Borders to Open as Regions Record Zero Local Transmissions



After six months of closed borders to NSW, SA is finally opening its borders again for the region’s residents starting today. NSW had recorded its second day of no new cases from community transmissions yesterday. This record is the first time NSW recorded consecutive days of zero local cases since July.

There were six new cases recorded, but all of them were returnees from overseas travels and were put to hotel quarantine. NSW has been performing the maximum number of tests, recording a total of 16,000 people who were tested just in the last 24 hours.

Premier Gladys Berejiklian told reporters that the latest numbers are good results, but it is still not a reason for complacency. There still might be possibilities that the virus is still circulating in many areas of NSW. Hence, the need for more proactive testing, even for those with the mildest symptoms.

Starting today, the SA borders to NSW is already open. Travellers from NSW to SA will no longer be required to undergo 14 days of self-isolation. However, documentation requirements should still be implemented. Travellers will have to fill out a pre-approval form online to state that they have never gone outside the region’s “safe community transmission zone” within 14 days before their SA entry.

With these newly relaxed restrictions on the NSW borders, only Victoria will remain subject to SA’s COVID-19 border restrictions.

Yesterday, SA recorded two new COVID-19 cases in the area. These are the first cases the state has recorded in 12 days, just hours before its reopening. The two new cases are returned travellers who are now in hotel quarantine. However, Chief Public Health Officer Nicola Spurrier assured the public that these two new records pose no threats to the state, thus no reasons to worry. The state’s COVID-19 cases now reached 468, but no new local transmissions have been recorded in weeks.

The improved number of local cases led the state to ease COVID-19 restrictions in its borders. Aside from opening its borders to NSW, Premier Steven Marshall also announced last week that it would increase the international arrivals in the states. As the state also improves its hotel quarantine capacity, it will also take up to 800 arrivals per week, with 60 being repatriated citizens.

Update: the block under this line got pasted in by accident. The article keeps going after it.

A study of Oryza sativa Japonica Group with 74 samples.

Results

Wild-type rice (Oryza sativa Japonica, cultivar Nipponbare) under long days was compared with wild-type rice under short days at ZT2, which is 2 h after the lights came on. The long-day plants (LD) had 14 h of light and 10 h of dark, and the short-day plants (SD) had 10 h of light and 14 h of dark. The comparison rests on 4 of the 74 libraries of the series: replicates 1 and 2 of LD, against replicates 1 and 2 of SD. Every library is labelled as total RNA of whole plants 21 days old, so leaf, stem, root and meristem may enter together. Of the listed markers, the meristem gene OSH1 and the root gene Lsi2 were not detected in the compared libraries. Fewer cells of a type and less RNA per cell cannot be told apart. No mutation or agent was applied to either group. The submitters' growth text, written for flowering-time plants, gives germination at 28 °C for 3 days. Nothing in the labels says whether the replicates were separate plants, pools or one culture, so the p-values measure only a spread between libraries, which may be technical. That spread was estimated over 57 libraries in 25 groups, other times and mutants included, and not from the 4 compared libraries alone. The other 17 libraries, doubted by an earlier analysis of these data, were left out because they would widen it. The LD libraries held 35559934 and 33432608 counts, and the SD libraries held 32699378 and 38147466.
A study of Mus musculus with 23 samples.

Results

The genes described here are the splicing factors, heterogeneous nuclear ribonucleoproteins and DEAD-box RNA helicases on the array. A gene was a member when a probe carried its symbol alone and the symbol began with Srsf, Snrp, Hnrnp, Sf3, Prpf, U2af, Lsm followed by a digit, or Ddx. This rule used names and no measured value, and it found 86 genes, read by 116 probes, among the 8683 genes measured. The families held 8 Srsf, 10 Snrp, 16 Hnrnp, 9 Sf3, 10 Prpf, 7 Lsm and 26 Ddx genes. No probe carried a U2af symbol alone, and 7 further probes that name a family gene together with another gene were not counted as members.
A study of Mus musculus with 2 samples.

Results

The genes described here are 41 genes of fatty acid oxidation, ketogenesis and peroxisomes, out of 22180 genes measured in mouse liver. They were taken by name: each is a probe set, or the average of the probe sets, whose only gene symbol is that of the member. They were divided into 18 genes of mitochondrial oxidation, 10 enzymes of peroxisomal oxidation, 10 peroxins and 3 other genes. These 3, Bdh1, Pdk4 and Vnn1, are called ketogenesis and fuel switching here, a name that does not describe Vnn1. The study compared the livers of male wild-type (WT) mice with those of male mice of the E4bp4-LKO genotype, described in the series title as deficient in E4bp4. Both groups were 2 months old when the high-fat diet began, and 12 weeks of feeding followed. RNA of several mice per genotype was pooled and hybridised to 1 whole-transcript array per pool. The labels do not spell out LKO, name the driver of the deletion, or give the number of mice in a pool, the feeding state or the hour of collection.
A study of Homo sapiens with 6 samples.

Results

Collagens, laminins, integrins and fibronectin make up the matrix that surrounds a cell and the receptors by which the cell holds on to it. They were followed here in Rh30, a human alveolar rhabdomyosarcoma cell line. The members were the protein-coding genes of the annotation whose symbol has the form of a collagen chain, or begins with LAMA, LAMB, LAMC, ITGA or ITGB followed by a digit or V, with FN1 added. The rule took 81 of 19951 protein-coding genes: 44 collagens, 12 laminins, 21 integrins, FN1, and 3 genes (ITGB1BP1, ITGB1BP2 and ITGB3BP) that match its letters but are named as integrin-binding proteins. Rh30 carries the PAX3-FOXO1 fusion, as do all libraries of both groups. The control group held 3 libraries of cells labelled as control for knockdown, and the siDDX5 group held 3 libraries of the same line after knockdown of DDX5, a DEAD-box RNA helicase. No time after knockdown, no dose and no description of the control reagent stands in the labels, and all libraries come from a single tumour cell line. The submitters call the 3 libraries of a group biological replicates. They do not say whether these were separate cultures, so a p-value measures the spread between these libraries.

Marshall declared that the eased border restrictions would provide relief to both residents and businesses in the states.

To start the boost up of travels within these states, many local businesses and other companies have also started preparations to open. Jetstar, for example, gives slashed prices on flights between Adelaide and Sydney. The airline launched a 36-hour flash sale, ending at midnight today, on flights with at least 5,000 cheap seats. The airline also already set an increase in its flights in this route starting October. The number of flights is set to double from only five times a week before the reopening of borders.

Meanwhile, Queensland is also performing in maintaining zero new local transmissions. On Wednesday, Deputy Premier Steven Miles announced that the state is now down to only five COVID-19 cases from 16 recorded Tuesday. If the state records another no new cases today, it will already be Queensland’s 14th consecutive day with zero cases. In total, the state has already recorded 1,153 confirmed cases from at least 1,077,563 tests that have been conducted. Of this number, only five cases now remain active.

The Deputy Premier was also happy to announce that Queensland’s longest COVID-19 patient has already recovered. From 77 days in intensive care, the patient has now been moved to a rehabilitation space.

According to the World Health Organization’s data, Australia is among the few pandemic-struck countries with the best COVID-19 response. The government has legislated and executed various programs to control the spread of the pandemic and provide support to heavily impacted households and industries.

One of the government’s latest movements concerning its commitment to combat the COVID-19 various is its strengthened partnership with the global COVAX facility. Australia has contributed more money to this global initiative that holds a range of vaccine manufacturers and candidates worldwide. This move will allow Australia to have greater access to any cure or vaccine discovered under the initiative.

It was reported that the Federal Government of Australia has also already partnered with CSL for the developing University of Queensland vaccine and AstraZeneca for a potential vaccine in the Oxford University.

The government has declared its plan to acquire vaccines under the two-dose requirement for at least half the country’s population.

As a global commitment, COVAX ensures that any vaccine or cure developed will be shared with worldwide candidates. Australia has already committed its second investment to this project, after its donation in August amounting to 80 million dollars.

Health Minister Greg Hunt that this investment will give the country more access to greater supplies and help other neighbouring countries. He said that the move would also benefit other countries located in the Pacific and South-East Asia, helping them get access to potential COVID-19 cure.

All presented vaccines in the COVAX facility will have to undergo safety and quality standards assessment under the Therapeutic Goods Administration. Furthermore, Australia is only one of the 80 countries that participated in the commitment. Another 92 lower-income countries will be given support to access potential vaccines.